David Remnick in The New Yorker:
In dictatorial states, a failure to applaud the Leader has often been a matter of treason. Last February, following the State of the Union address, President Trump flew to Blue Ash, Ohio, for a rally and accused the Democrats in Congress of that very crime. Their crime was a failure to stand and applaud sufficiently for the President of the United States. “You’re up there and you’ve got half the room going totally crazy, wild—they loved everything, they want to do something great for our country,” Trump said. “And you have the other side, even on positive news . . . they were like death and un-American. Un-American. Somebody said, ‘treasonous.’ I mean, yeah, I guess, why not? Can we call that treason? Why not? I mean, they certainly didn’t seem to love our country very much.”
It’s unlikely that anyone remembers that moment in Blue Ash—a moment that would be an enduring stain on any other President—and the reason is obvious: Trump’s penchant for bald deception and incoherence is not an aberration. It is his daily practice. The vague sense of torpor and gloom that so many Americans have shouldered these past two years derives precisely from the constancy of Trump’s galling statements and actions.
And yet what happened in Helsinki on Monday will not be so easily forgotten. Just as the President’s comments following the torchlit white-supremacist march last year in Charlottesville made it clear that racism was at the core of his character and his political strategy, the contemptible remarks he delivered alongside of Vladimir Putin seemed to mark a turning point, even for some of his most ardent defenders. In the course of a single European journey, Trump set out to humiliate the leaders of Western Europe and declare them “foes”; to fracture long-standing military, economic, and political alliances; and to absolve Russia of its attempts to undermine the 2016 election. He did so clearly, repeatedly, and with conviction. Republicans in Congress (but not enough of them) and a selection of commentators on Fox News declared that Trump’s performance in Helsinki had been disgraceful.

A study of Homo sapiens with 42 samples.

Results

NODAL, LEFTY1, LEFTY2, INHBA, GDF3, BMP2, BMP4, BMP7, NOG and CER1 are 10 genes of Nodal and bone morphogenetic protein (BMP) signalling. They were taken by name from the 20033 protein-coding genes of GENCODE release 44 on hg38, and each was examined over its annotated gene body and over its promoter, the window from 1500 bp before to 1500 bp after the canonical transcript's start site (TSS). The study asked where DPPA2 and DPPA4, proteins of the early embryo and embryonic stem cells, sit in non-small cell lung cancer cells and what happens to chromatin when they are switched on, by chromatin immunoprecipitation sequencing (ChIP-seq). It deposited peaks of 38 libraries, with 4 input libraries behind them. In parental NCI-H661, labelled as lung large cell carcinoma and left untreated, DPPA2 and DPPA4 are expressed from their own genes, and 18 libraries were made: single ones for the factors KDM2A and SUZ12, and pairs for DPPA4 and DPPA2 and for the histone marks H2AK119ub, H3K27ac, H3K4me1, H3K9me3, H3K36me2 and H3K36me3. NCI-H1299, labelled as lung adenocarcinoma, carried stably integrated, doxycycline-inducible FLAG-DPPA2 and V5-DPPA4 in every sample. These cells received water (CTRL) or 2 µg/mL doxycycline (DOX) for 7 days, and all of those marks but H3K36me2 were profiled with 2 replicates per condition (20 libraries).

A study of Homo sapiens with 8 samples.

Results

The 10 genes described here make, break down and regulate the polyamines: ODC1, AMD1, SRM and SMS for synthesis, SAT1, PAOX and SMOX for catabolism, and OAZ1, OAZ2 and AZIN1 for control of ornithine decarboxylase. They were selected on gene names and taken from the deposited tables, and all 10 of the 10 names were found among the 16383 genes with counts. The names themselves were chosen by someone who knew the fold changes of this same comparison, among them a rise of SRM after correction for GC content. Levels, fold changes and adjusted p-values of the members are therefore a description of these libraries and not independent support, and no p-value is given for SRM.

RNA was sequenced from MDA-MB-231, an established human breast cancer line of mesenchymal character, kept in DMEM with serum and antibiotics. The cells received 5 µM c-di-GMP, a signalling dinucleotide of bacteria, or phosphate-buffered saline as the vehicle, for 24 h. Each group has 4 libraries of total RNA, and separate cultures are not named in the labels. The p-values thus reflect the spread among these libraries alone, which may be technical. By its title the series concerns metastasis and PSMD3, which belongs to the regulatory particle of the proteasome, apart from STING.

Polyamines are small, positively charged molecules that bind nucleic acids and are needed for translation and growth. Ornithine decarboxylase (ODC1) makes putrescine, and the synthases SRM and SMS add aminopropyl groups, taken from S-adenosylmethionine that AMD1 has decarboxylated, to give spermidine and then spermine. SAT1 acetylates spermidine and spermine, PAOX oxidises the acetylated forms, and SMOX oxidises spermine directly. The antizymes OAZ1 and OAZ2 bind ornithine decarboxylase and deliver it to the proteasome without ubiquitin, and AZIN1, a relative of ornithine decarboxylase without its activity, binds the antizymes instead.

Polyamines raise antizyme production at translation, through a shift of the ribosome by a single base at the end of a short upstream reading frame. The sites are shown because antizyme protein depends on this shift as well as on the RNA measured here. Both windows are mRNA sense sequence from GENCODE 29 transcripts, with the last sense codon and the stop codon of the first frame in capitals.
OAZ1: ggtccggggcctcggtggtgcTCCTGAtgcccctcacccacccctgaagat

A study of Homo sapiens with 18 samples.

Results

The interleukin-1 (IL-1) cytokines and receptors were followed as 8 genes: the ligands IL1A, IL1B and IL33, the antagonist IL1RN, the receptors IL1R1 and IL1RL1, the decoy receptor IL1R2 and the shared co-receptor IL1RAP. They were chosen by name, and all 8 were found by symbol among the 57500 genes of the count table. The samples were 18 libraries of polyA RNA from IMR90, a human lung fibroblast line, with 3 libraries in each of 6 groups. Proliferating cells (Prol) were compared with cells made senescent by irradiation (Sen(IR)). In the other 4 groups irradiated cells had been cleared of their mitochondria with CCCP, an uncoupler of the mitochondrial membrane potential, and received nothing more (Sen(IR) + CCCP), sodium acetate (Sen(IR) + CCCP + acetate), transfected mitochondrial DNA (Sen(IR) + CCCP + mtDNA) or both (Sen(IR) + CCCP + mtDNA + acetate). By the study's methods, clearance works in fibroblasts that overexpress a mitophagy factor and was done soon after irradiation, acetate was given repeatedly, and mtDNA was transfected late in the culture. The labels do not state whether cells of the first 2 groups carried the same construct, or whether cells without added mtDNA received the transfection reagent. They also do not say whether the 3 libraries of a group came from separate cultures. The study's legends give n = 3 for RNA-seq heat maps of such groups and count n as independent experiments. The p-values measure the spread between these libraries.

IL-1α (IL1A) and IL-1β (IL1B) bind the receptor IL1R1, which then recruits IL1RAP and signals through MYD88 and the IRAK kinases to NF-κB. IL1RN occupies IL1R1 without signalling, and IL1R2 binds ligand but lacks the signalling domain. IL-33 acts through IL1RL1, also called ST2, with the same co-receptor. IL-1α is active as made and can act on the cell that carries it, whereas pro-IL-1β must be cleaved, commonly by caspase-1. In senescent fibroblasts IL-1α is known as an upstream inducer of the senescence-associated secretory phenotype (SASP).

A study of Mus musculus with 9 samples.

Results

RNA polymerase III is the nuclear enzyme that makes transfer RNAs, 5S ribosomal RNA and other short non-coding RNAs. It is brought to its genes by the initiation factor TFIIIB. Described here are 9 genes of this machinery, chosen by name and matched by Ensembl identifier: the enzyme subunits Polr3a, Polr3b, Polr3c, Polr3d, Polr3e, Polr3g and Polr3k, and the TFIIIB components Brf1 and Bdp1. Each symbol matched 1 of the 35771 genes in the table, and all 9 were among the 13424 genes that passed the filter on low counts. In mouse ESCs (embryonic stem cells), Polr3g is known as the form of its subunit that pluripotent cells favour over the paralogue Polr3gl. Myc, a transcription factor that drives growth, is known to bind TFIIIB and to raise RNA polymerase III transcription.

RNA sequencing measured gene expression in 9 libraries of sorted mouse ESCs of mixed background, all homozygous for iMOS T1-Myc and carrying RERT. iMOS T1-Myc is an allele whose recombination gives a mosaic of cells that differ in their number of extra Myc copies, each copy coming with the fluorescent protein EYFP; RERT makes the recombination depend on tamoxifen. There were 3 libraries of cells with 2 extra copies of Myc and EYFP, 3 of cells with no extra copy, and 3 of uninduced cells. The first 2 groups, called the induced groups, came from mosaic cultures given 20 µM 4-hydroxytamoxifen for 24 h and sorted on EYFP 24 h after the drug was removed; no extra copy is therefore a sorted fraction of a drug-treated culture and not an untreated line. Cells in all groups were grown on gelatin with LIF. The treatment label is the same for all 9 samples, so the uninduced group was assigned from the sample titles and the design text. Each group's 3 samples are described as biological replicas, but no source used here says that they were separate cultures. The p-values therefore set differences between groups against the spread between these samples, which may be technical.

The President’s attempt to reverse the damage—clearly the result of a panicked White House staff—only worsened the matter. Speaking from the White House Cabinet Room on Tuesday, Trump tried to take his listeners for fools as he explained that he had merely been misunderstood by the press. This was one of the most shameless walk-back attempts in the history of the American Presidency. Reading from prepared notes, which always lends to his delivery a hostage-like cadence, Trump tried to half-apologize to the American intelligence community for equating its analysis with that of Putin and the F.S.B. And, with that, the lights suddenly went out. The President sat in darkness. Even before the worldwide commentariat had a chance to voice its incredulity, the White House electrical system had called bullshit on Trump. Or was it a higher power?